Teacher Appreciation in the Time of Coronavirus
Teaching is a complex and demanding job under the best of circumstances. Even when teachers are equipped with best-practice teaching strategies and supportive leadership, the wide range of student needs and structural inequities pose consistent challenges.
The coronavirus pandemic and school shutdowns have forced schools to go remote, creating a whole new set of extra difficulties for teachers. In addition to maintaining students’ attention through devices and teaching the planned curriculum, they also have to adopt new technology and tools, accommodate students’ different home environments and varying access to resources, and create a safe and supportive learning environment in spite of widespread uncertainty and fear.
“We see teachers meeting student needs in unprecedented ways,” Lisa Lachlan, an AIR principal researcher who directs projects on educators through AIR’s Center on Great Teachers and Leaders, adds. “Because some students are not joining traditional learning platforms, teachers are quickly meeting students where they are at—learning new technology to connect with students in student-friendly forums—sometimes on social media platforms. The level of flexibility and ingenuity we are seeing from teachers during this time attests to their continued value as an integral pillar in the foundation of our society.”
This Teacher Appreciation Week, we are honored to showcase the ingenuity, creativity, and care that teachers are bringing to their virtual classrooms, and to families and communities, as shared by AIR’s experts.
James Colyott, technical assistance consultant: At one of the pre-k schools where I consult, families really struggled with remote learning concepts. Most of the students, who are between three and five years old, can’t read yet, and their parents are largely low-income and unemployed. The principal encouraged teachers to film themselves reading books together in English and Spanish and send those video links to parents every day, so that students could stay engaged and excited about reading and learning. The staff’s videos will ultimately result in a free digital library for families and other pre-schools to use.
Tad Johnston, senior technical assistance consultant: A Rhode Island high school English teacher produced and posted short videos for his classes to replace in-class lectures on The Great Gatsby, preserving time for student discussion during scheduled class time on Google Meets. This way, students could use the full class time to ask questions, share impressions, and even disagree about the book. During the unit, the teacher collected data on student participation, student perceptions about his videos, and student achievement on quizzes and tests. He will use these data to improve the learning process for the next book and share his findings with fellow teachers.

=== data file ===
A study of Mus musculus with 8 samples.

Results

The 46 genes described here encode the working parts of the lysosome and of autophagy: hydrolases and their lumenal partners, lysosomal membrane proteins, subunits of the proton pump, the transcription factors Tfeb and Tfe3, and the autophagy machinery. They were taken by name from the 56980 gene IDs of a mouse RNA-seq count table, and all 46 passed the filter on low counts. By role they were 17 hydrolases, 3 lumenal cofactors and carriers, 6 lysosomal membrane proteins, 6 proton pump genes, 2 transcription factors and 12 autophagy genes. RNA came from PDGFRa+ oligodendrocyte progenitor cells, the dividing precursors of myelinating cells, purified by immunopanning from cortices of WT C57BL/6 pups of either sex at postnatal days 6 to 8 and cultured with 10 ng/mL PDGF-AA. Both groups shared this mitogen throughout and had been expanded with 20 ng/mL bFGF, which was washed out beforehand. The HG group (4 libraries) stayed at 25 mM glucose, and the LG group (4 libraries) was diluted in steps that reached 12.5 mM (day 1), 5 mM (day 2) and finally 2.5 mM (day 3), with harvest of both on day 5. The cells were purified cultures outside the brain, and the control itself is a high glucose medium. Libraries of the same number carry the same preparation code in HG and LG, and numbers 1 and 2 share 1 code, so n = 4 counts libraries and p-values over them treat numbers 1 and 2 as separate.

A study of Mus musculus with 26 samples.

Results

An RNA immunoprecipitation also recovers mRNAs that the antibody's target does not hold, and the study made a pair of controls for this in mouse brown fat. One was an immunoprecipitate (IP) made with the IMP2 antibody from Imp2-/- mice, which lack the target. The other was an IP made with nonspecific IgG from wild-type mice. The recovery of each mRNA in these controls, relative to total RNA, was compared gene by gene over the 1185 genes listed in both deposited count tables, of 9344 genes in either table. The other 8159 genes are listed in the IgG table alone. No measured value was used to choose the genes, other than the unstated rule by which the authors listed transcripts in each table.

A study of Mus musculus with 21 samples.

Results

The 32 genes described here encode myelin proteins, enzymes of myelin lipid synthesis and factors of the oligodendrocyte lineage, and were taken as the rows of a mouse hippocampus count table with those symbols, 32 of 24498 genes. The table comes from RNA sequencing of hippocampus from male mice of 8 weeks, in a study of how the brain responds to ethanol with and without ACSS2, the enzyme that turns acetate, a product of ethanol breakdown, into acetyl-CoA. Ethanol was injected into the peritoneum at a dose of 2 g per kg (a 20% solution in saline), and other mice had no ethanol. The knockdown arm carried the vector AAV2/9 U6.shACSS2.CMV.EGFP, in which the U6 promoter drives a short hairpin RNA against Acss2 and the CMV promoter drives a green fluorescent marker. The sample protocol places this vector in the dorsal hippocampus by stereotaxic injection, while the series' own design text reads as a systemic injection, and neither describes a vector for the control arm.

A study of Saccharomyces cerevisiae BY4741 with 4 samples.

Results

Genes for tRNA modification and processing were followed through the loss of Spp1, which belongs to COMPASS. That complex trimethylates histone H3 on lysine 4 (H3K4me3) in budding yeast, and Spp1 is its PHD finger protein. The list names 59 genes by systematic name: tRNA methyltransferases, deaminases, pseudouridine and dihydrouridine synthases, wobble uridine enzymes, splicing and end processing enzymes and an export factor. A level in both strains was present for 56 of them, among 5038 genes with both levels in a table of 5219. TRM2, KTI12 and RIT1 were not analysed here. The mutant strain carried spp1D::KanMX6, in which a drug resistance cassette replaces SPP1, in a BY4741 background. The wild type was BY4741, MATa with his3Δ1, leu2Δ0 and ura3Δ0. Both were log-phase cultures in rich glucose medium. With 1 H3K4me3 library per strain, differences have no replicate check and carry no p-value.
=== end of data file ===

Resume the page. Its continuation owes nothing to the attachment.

Cheryl Patterson-Menckowski, senior technical assistance consultant: One school in Illinois realized that kids without devices and internet were relying exclusively on worksheets to help them practice their math skills. The teachers knew how effectively games can motivate kids, so they sent home dice, cards, and instructions for math games that the students could play with their siblings or parents.
Tad Johnston, senior technical assistance consultant: In a Rhode Island high school math class, students are completing assignments using Google Quiz. The application immediately lets students know which answers are incorrect once an assignment is submitted. The teacher has enabled unlimited attempts, so students can act on this feedback to review their work and fix their mistakes, or decide they need extra assistance for that type of equation. Then, students complete an online survey and their responses set the agendas for class discussions during semi-weekly Google Hangout “office hours” sessions.
Social and Emotional Learning
Dawn Dolby, principal technical assistance consultant: An Illinois high school realized that students missed connecting socially with their peers. In addition to scheduling class times, the district reserved meeting times on Fridays for school clubs to meet and opportunities for students to “gather” in more informal and social settings.
In addition, a school district in Michigan has focused on strengthening trauma-informed environments and practices across all of its schools. To continue caring for students’ social and emotional well-being, schools in the district created “caseloads” for each staff member, including paraprofessionals and other district ancillary staff. Staff reach out to their assigned families, ensuring that every family in the district receives a weekly check-in call of support.
Mara Schanfield, senior technical assistance consultant: The teachers of a Minnesota elementary school launched a “T-Shirt Tuesday” virtual campaign, where they wear t-shirts with positive messages on them, like “Be kind,” and “Simply learn.” They send the art teacher photos of themselves in the t-shirts and she creates a montage-style video each week to send out to families. Students have also started to participate, by sending positive chalk messages to create a responding video.
Alicia Espinoza, senior technical assistance consultant: A high school English teacher in Rhode Island is consistently emailing parents of students who came to mind that day or week, to share positive news about what that student had accomplished. Especially at the secondary level, parents tend to hear more about their child’s negative behaviors or performance. Instead, this teacher is sending messages like, “Thank you for everything you’re doing to keep [Student] ready and excited to learn.” Praise and validation for both parents and students can go a long way. Positive communication with parents also helps to build trusting relationships, and research indicates it encourages and motivates student learning.